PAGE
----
Taliban, Haqqani, LeT, Jaish plan to target high-profile Kabul entities

This is as per a detailed assessment carried out by Afghan security agencies.


Kabul is going to witness multiple high-ranking suicide assassinations, targeting political and military entities, that will be carried out by the Taliban in collaboration with the Haqqani network, Jaish-e-Mohammed and Lashkar-e-Tayyaba, a detailed assessment carried out by Afghan security agencies has warned.

As per this recent assessment, these attacks would not be claimed by Taliban or the Haqqani network, that will automatically shift it to the ISIS and save the Taliban from any criticism and possible repercussions.

The Haqqani network, as per people aware of the situation, is going to carry out large-scale military operations to capture the ancient town of Ghanzi and the town of Paktia, Paktika and Khost, which share border with Pakistan.

“Targeting of national highways by using IEDs and taking them under their control is going to be attempted. The IED blasts will be carried out targeting the Afghan National and Defense Security Forces (ANDSF) to push the security personnel to desert the ANDSF due to fear so that they can be absorbed by the Taliban and Haqqanis,” an official said.

The official said that Taliban’s “spring offensive’ (an annual exercise during which the attacks on security personnel increase massively) has already started and the only difference this year is that they have not announced it officially. Earlier this week on Monday, a car bomb attack on an intelligence base in central Ghazni province in Afghanistan killed at least seven members of the security forces and wounded 40 others. The suicide attack using a four-wheeler was claimed by the Taliban.

According to officials aware of the intelligence gathering exercise, the Haqqani network’s morale has increased several notches after the release of Anas Haqqani last year on 18 November in a prisoner swap which involved 10 Afghani soldiers, two professors, one American and one Australian, who were kidnapped in August 2016 from Kabul by the Taliban.

The 26-year-old Anas Haqqani is the younger brother of the chief of the Haqqani network, Sirajuddin. He was arrested in October 2014 in Bahrain by US agencies before being transferred to the Afghan agencies to be incarcerated in the Parwan detention facility at Bagram, Afghanistan.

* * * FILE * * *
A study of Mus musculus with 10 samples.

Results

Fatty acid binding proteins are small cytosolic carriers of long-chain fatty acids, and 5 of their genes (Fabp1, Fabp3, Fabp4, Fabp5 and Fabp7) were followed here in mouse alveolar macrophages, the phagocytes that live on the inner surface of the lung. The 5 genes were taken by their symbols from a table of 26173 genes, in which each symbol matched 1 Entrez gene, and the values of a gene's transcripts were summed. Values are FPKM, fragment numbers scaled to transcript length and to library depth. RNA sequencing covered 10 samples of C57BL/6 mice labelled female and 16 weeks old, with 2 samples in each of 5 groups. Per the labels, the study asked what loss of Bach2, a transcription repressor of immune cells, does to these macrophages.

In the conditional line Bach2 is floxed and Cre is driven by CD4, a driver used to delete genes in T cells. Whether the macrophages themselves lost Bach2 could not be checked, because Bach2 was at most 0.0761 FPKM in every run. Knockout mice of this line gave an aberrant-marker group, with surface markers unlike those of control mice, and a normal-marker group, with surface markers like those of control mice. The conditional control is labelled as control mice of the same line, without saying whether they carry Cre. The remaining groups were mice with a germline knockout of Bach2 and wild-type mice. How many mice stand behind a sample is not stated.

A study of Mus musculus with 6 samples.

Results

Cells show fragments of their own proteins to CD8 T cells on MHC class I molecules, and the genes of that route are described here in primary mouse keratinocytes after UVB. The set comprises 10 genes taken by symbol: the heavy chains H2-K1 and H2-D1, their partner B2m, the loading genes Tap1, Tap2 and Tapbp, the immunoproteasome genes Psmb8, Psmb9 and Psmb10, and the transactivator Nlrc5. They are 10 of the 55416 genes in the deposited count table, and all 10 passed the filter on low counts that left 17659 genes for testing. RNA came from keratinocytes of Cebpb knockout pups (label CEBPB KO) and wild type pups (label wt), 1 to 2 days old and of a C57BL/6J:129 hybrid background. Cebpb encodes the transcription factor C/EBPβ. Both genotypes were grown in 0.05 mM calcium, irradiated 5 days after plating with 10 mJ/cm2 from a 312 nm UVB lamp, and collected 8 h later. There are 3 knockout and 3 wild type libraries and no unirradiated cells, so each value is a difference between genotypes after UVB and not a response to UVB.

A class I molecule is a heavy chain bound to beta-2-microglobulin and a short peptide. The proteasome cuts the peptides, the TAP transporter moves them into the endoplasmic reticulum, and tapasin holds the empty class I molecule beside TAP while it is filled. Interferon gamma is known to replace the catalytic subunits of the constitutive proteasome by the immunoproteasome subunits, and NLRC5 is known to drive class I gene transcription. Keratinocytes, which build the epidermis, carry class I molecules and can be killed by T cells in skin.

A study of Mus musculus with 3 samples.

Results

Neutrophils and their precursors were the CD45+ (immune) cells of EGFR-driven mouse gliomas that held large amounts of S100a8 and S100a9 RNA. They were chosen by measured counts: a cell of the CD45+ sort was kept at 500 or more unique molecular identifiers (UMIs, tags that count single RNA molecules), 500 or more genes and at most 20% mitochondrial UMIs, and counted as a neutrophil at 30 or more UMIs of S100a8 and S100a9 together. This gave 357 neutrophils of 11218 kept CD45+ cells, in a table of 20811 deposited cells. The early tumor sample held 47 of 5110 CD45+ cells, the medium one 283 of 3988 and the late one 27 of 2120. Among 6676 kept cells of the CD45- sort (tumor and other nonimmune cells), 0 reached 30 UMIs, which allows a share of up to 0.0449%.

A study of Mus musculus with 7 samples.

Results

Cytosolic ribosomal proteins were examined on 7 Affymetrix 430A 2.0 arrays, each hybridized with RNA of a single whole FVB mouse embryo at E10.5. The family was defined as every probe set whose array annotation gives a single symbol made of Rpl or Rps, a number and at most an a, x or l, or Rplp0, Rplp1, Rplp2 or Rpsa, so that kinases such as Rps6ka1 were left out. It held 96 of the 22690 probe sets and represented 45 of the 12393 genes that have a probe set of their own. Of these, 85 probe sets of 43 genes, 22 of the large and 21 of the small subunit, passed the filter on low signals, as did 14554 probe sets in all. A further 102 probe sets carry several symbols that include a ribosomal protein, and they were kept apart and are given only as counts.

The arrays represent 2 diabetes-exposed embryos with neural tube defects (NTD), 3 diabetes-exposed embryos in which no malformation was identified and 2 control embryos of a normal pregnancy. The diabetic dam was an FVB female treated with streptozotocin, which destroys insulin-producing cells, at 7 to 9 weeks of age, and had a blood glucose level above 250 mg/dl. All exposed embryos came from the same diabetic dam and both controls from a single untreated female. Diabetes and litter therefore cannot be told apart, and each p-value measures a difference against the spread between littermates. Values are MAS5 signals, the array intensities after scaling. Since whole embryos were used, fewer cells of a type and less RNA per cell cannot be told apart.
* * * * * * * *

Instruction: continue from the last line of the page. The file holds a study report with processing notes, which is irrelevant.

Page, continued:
In his interview to Nunn Asia, an Afghanistan news website, just after his release, Anas Haqqani had accepted that Pakistan made sure that he was a part of the prisoner swap. His brother, the 5’7, 70 kg Sirajuddin continues to be on FBI’s most wanted list.

Pakistan’s continued support to the Taliban has also been confirmed by a recent quarterly report that was prepared by Defense Intelligence Agency (DIA) of the U.S. Department of Defense. The DIA is an intelligence agency of the United States government, specialising in defense and military intelligence.

The report was released on 19 May and is based on an assessment carried out by US agencies from the period of January to March.

The report has stated that: “Pakistan continues to harbour the Taliban and associated militant groups in Pakistan, such as the Haqqani network, which maintains the ability to conduct attacks against Afghan interests,” while adding, “Pakistan has encouraged the Afghan Taliban to participate in peace talks, but refrained from applying coercive pressure that would seriously threaten its relationship with the Afghan Taliban to dissuade the group from conducting further violence.”

According to the DIA, Pakistan’s strategic objectives in Afghanistan continue to be “countering Indian influence and mitigating spillover of instability into its territory”.

The DIA reported that Pakistan likely views the “increased Taliban influence in Afghanistan as supporting its overall objectives and will seek to influence intra-Afghan peace talks in a direction favourable to Pakistan” while stating, “ Pakistan has a long history of allowing militants to cross back and forth across Pakistan’s border”.